Probiotics 101

by in gut health February 27, 2020

Man do we love our probiotics!

Probiotics have become a staple in the supplement cabinets of patients all over. And what’s interesting is that we’re still really only in our infancy as far as understanding the depth to which probiotics can impact our health.

Do you have questions about probiotics? Here are some quick notes for you:

1. You can generally think of probiotics as “pro-biome (microbiome)” and can shift the vibe of the house party I mentioned in a previous post.

2. Probiotics can also alter bacterial health of the vaginal tract, upper respiratory tract, oral mucosa, skin, and almost anywhere else in the body! It’s kinda creepy to think about but also fascinating how these little guys manage to crawl there way around the body to the places they are needed.

3. A lot of my patients ask about quality when it comes to the probiotics. Most of the probiotics on the market are pretty okay. If you can imagine probiotics coming in a grade A line and a grade B line, most of the over-the-counter probiotics are grade B. That means they’re still really good and are often manufactured by the same companies that make the grade A probiotics. Grade A probiotics are typically the ones you can only get through a healthcare provider.

4. There are many different strains of probiotics and it can get confusing which ones might be best for you; soil-derived, refrigerated, shelf-stable, 1 strain, 12 strains, which strains, how many billion units? The thing to keep in mind is what I said earlier: our understanding of probiotics is still limited. Pretty much any product you get will be okay, but may lack some of the extra specificity you need as an individual. Enter: Your personalized health plan provided by your Naturopathic Doctor!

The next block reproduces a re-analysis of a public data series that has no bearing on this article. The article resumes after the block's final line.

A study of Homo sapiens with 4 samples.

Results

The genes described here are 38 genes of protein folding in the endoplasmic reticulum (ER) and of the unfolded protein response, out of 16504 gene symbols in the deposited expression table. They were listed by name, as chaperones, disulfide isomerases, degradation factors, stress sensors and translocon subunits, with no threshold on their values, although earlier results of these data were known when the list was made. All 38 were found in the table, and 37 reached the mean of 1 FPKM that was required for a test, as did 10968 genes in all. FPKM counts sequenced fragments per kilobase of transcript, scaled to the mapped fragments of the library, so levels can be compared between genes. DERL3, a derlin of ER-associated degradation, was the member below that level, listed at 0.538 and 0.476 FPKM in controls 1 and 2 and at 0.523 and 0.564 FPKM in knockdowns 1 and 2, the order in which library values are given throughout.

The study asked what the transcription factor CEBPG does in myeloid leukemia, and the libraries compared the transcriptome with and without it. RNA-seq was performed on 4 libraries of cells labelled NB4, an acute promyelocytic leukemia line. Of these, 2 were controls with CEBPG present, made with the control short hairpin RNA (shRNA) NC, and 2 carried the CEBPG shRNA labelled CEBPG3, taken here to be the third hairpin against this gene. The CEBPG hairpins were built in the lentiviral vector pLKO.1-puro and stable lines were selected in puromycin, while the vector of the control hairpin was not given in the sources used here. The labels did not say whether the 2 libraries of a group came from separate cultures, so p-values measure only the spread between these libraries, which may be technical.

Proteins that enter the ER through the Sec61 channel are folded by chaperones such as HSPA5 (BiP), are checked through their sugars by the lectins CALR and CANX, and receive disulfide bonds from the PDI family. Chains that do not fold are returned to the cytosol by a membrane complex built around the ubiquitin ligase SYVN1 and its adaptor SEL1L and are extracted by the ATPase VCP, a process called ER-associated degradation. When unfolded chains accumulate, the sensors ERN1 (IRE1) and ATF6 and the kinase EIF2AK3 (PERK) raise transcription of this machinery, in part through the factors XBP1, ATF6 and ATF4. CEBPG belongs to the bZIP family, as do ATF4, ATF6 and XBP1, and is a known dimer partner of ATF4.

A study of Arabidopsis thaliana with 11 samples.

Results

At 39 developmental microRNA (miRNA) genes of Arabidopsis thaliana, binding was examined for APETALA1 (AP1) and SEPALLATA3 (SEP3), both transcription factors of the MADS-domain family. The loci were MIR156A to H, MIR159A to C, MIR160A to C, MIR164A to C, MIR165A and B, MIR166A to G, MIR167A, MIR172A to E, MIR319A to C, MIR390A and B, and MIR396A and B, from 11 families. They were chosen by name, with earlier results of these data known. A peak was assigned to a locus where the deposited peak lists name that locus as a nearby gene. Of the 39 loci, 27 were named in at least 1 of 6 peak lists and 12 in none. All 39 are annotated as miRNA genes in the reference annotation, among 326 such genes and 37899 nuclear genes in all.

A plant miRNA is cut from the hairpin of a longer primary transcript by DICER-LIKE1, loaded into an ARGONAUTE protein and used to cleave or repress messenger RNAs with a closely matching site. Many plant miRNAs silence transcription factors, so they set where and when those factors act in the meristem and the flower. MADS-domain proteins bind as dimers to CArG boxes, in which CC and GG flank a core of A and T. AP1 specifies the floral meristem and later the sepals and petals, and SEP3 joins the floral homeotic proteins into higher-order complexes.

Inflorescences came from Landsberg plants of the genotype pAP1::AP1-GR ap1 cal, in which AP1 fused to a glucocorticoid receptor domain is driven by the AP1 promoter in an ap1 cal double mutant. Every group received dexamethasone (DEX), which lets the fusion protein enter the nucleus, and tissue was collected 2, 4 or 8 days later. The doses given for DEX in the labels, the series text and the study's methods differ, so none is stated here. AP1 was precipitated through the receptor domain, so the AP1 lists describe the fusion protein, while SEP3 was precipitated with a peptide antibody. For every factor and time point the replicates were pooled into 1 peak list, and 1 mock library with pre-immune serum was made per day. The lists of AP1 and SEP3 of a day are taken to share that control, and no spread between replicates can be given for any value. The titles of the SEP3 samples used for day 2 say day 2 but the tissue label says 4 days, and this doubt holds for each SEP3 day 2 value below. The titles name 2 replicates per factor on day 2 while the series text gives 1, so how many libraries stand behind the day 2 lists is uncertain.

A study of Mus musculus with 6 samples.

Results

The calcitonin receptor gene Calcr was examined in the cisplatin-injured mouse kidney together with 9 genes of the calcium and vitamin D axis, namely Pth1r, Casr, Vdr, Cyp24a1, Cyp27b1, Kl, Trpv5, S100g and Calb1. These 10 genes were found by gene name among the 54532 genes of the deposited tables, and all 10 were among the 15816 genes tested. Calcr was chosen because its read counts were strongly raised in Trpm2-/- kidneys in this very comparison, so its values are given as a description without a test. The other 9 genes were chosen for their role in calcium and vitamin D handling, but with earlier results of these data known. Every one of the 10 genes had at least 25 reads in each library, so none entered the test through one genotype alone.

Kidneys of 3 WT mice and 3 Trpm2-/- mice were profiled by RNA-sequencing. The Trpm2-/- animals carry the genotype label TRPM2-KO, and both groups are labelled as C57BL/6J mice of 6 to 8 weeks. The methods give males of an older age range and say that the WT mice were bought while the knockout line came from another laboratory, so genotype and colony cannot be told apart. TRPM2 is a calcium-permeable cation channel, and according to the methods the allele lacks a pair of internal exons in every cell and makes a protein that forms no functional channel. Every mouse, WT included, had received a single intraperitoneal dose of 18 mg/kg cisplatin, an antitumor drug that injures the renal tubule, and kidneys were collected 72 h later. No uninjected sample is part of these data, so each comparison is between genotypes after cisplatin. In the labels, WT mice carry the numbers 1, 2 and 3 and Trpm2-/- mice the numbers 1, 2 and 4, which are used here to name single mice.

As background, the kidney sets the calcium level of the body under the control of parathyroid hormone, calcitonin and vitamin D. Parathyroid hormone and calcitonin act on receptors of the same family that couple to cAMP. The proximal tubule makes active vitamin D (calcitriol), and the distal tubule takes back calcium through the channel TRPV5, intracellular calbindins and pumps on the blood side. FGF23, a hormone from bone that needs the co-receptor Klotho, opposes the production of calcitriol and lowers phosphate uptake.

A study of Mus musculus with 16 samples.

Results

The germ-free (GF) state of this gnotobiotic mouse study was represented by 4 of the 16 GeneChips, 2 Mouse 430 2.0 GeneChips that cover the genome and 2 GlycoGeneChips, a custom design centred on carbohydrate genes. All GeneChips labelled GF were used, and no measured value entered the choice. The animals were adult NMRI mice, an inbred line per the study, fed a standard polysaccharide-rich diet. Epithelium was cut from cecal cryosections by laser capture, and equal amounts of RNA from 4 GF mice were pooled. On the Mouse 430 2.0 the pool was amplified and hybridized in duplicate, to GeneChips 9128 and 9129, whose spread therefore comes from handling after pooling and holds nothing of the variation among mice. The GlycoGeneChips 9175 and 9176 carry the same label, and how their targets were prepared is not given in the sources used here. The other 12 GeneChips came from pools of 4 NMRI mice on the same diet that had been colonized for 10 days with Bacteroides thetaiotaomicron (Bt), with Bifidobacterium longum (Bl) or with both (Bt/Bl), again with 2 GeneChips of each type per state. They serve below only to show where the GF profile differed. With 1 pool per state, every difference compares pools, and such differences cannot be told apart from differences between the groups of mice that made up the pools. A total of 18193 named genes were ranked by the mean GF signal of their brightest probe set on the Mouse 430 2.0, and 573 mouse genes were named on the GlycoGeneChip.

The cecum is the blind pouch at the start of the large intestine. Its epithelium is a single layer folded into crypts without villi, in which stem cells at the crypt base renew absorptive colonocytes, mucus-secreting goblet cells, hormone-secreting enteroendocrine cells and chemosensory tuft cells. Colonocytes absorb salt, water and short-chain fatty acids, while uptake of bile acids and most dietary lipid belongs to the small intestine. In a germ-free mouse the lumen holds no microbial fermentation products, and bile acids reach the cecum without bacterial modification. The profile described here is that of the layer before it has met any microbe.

5. It’s been found that most oral probiotics only stay in the digestive tract for one day. That means that in order to continue reaping the benefits of probiotics, people do need to take them every day.

6. Most people find probiotics to be beneficial. They can increase the number of human friendly bacteria, which can improve gas and bloating, upset stomach, indigestion, diarrhea and constipation. And that’s without the Pepto. Also, because gut health is at the root of pretty much every other aspect of health, probiotics can be part of a foundational support program to deal with inflammation, sensitivities, mood fluctuations, etc.

7.There are some people that probiotics aren’t helpful for, and can in fact experience worsening symptoms of gas and bloating. For these people, they likely already have an unhealthy amount of bacteria in their guts, most likely in the small intestine. In these cases, adding more bacteria to an already overloaded party, makes for a very crowded and rowdy situation. An example of this is a condition called SIBO, which I will talk more about in a future post during this series.

Do you take probiotics? How have they impacted your life? If you know someone who might benefit from knowing more about gut health and probiotics, make sure to share this post with them!